GRANT TITLE:

Understanding autonomic dysfunction in Dravet syndrome

GRANT TYPE:

EPILEPSY RESEARCH INSTITUTE AND DRAVET SYNDROME UK EMERGING LEADER FELLOWSHIP

grant amount:

£196,863

lead investigator:

Dr Lisa Clayton

Co-Investigators:

-Professor Sanjay Sisodiya

institution:

University College London

Background

Dravet syndrome is a severe type of epilepsy that begins in infancy. People with Dravet Syndrome experience seizures are difficult to treat, delayed development, and intellectual disability. Sadly, between 10-20% of people with Dravet Syndrome die during childhood, most commonly due to sudden unexpected death in epilepsy (SUDEP).

People with Dravet Syndrome also experience dysautonomia, which is an abnormality in the way body regulates internal organs and bodily processes such as heart rate, body temperature, and digestion.  Understanding dysautonomia in people with Dravet Syndrome is vital as abnormal body temperature control may contribute to the increased risk of seizures. Dysautonomia can also impair normal control of the heart rate and may increase the risk of SUDEP.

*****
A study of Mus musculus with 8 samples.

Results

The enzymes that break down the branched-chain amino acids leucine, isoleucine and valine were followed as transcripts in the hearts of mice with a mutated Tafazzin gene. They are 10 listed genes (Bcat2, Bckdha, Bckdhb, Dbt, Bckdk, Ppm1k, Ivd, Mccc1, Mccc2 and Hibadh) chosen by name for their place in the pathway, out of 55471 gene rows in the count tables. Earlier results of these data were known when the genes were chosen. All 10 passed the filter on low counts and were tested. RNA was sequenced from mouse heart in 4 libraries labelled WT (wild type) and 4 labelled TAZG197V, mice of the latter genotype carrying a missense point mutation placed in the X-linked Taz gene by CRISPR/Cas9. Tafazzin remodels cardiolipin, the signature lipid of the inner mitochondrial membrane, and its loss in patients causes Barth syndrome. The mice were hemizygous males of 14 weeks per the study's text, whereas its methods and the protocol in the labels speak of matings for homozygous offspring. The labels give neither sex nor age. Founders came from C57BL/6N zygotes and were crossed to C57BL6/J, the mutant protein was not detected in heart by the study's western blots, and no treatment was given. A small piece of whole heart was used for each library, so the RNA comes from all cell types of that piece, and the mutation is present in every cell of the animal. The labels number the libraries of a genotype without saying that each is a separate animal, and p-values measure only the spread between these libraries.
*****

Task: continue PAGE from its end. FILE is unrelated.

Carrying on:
"Working closely with people living with Dravet syndrome has deepened my understanding of the importance of non-seizure aspects of condition, known as comorbidities. These comorbidities can negatively affect a person’s overall health and have substantial impacts on the quality of life for those with Dravet syndrome and their families. Dysautonomia is an important comorbidity in Dravet syndrome which is poorly understood, but which may contribute to risk of seizures and sudden unexpected death in epilepsy through various mechanisms. Through my research, I hope to advance our understanding of dysautonomia in Dravet syndrome, leading to better recognition, evaluation, and management of this crucial comorbidity.

The Study

This study will use autonomic function testing in people with Dravet Syndrome to learn more about dysautonomia and how it affects people. These simple tests can tell us if dysautonomia is present, how severe it is, and its effects on different body systems. The team will also look at previously collected genetic information to find genetic risk factors for dysautonomia in Dravet Syndrome.

Significance

This study will help develop effective methods for screening for dysautonomia in people with Dravet Syndrome, predict who may develop it, and importantly try and find ways to prevent, limit, or alleviate problems related to dysautonomia.